Marshall Coach Tom Herrion to Kentucky fans: Lay back, put a cold cloth on your forehead, breathe deeply, relax.
After his team lost 82-54 in Rupp Arena Saturday, Herrion tried to put UK's season into perspective.
"They're going to get better and better," he said of the Cats before adding, "In this Big Blue Nation — whatever you call yourselves, no disrespect — you can't flip the roster every year and expect (a) magic wand and it's going to happen from Game One to Game 39 or 40.
"Sometimes give respect to the team they played."
Herrion saw no shame nor crisis in Kentucky losing at Notre Dame or on a neutral floor to Duke or at home to Baylor.
"It's not always how much your team is struggling," he said. "Maybe the other team played well. ... Because of the nature of the cocoon that people live in, it's never external."
Herrion suggested that a Kentucky victory or defeat can generate an overreaction.
"Sometimes, it's like the end of the world coming if you guys don't win or you play poorly," he said.
Kentucky's status as an elite program, re-confirmed by the 2012 national championship, inspires opponents, the Marshall coach said.
"Everybody's coming after that," he said. "That's what happens when you're at the top of the food chain.
"It's not always Kentucky losing. Give the other team some credit and some respect."
Point guard Ryan Harrow acknowledged a bit of subterfuge in his attempts to fulfill Coach John Calipari's request to be a vocal leader.
"Sometimes it's instruction," he said of his on-court, in-game communication with teammates. "But sometimes it's nonsense. Because Coach is always saying to keep talking to your team. Don't get into your own self. So I've just got to be out there yelling anything."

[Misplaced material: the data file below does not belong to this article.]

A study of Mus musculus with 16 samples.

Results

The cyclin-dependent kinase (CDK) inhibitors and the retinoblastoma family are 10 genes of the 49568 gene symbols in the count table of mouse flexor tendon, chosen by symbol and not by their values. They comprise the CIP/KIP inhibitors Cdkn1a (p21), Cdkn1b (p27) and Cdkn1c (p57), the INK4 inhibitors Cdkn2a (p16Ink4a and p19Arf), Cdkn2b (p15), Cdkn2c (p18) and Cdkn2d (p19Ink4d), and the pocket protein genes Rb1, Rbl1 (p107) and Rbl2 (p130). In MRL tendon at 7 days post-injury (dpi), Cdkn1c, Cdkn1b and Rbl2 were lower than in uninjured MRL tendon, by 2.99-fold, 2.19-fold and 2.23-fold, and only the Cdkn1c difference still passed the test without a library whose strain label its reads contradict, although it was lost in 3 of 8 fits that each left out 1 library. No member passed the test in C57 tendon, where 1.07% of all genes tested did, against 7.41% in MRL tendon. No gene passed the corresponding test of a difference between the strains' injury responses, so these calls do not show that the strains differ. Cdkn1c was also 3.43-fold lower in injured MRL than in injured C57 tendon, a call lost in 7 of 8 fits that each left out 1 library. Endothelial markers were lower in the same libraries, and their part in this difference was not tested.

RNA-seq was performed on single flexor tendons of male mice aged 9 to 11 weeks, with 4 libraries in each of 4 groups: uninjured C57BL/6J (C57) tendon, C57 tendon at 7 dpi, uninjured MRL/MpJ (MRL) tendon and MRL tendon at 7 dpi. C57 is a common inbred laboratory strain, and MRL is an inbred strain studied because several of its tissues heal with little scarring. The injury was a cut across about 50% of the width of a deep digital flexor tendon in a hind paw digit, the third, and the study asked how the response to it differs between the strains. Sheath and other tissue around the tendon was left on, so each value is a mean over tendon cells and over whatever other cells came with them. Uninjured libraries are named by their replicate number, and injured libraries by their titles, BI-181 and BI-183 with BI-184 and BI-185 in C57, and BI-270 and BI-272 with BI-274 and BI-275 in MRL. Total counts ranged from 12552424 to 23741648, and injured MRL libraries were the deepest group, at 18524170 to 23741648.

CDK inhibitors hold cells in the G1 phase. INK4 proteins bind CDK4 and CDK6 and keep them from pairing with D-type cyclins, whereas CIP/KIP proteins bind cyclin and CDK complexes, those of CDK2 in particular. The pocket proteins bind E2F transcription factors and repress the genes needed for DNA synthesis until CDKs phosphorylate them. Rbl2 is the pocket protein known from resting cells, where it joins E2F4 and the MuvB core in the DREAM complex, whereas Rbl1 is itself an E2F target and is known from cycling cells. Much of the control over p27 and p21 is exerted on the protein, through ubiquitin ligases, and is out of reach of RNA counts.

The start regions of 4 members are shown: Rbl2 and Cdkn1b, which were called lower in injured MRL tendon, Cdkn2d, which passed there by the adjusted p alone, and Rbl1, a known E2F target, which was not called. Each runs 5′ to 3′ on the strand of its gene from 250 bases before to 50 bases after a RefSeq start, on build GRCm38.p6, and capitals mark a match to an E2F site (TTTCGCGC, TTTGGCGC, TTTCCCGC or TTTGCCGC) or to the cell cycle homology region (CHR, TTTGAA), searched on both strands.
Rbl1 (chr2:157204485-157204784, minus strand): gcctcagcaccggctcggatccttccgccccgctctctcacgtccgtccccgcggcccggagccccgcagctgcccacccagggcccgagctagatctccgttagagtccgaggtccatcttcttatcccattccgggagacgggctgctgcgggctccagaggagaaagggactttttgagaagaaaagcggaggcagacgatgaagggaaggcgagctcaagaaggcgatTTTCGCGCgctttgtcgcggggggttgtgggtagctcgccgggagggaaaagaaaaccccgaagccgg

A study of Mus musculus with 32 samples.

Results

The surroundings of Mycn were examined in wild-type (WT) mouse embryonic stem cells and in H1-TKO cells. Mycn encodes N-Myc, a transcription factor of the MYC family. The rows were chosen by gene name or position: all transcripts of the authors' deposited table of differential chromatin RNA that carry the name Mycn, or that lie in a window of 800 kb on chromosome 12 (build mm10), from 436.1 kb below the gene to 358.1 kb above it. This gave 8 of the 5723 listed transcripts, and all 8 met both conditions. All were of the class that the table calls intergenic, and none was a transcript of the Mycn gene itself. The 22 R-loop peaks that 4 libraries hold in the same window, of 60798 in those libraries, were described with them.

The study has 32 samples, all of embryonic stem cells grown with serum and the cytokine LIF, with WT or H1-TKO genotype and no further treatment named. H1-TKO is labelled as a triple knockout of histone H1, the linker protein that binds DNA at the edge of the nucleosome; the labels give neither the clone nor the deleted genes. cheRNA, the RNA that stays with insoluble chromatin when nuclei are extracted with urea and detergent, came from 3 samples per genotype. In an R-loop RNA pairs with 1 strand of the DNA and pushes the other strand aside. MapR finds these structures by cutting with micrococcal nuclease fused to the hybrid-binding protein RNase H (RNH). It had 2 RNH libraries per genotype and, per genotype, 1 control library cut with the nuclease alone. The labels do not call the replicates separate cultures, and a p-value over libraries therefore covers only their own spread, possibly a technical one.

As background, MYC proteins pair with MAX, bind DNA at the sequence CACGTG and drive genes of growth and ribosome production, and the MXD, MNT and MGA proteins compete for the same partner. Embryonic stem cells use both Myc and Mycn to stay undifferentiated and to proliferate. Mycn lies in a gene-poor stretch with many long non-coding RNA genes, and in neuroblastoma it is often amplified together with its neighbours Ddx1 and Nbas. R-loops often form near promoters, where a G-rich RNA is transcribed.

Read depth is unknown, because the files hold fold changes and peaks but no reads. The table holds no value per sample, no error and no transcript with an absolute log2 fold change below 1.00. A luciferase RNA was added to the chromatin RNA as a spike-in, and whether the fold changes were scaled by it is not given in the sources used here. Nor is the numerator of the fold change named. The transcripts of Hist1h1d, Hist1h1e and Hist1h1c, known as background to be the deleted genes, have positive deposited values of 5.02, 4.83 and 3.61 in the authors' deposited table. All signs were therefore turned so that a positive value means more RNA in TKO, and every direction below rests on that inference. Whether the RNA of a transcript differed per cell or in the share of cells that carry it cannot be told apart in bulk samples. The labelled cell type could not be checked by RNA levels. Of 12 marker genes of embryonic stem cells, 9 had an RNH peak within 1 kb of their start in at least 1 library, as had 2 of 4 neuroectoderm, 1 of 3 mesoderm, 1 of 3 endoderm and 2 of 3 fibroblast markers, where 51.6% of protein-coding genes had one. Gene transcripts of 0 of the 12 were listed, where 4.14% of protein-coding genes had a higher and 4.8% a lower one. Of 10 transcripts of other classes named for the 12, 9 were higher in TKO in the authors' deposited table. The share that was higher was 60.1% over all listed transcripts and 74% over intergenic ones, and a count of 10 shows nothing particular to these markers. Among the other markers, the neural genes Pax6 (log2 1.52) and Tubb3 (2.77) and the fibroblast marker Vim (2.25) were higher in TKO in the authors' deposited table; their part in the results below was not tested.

When asked if he tries to stay out of Calipari's earshot when yelling nonsense to his teammates, Harrow said, "I don't even think he cares. As long as I'm talking, saying something that he knows that I'm trying."
Harrow missed a three-point shot on UK's first possession of the game. Teammate Alex Poythress soared over two Marshall players to grab the rebound and score on a putback.
That Poythress does not look so dominant on a more consistent basis caught Calipari's attention. Before the first TV timeout, the UK coach replaced Poythress with Kyle Wiltjer.
Foul trouble helped limit Poythress to a season-low 21 minutes. He tied a career high with nine rebounds.
"Play the whole game the way you're playing in spurts," Calipari said. "Just do it. There's no excuse why you stop on plays. Just quit playing when the ball is in play?! There's no excuse."
Calipari noted a sequence when a Marshall player beat Poythress to a rebound.
"How did you let him get it?" the UK coach said before mimicking Poythress' response as, "'Well, I don't know.'"
To which, Calipari said, "I know. He outworked you. You weren't ready to make that play."
'Hug your kids'
After wishing everyone a Merry Christmas, Calipari made a reference to the recent mass murder at the Sandy Hook Elementary School in Newtown, Conn.
"Hug your kids," the UK coach said. "We know what just went on up in Connecticut. Hug your kids. Hug your wife. Hug your spouse."
An upper respiratory illness caused Jon Hood to miss the game, UK said.
Calipari declined to elaborate nor shed light on the nature of Hood's illness.
UK fan Ty Hart sat with her husband Michael in the front row near mid-court. The game was part of her 66th birthday.
She said her husband promised to give her whatever she wanted for her birthday. Trip to the Bahamas? Dinner and dancing?
She chose to attend the UK-Marshall game.
By shooting 29.5 percent, Marshall became the fourth straight UK opponent to make less than 40 percent of its shots. ... Nerlens Noel posted his first double-double with 11 points and 10 rebounds. ... UK's nine turnovers were its fewest since — brace yourself — committing only six in the high-paced 102-90 victory over Indiana in the 2012 NCAA Tournament.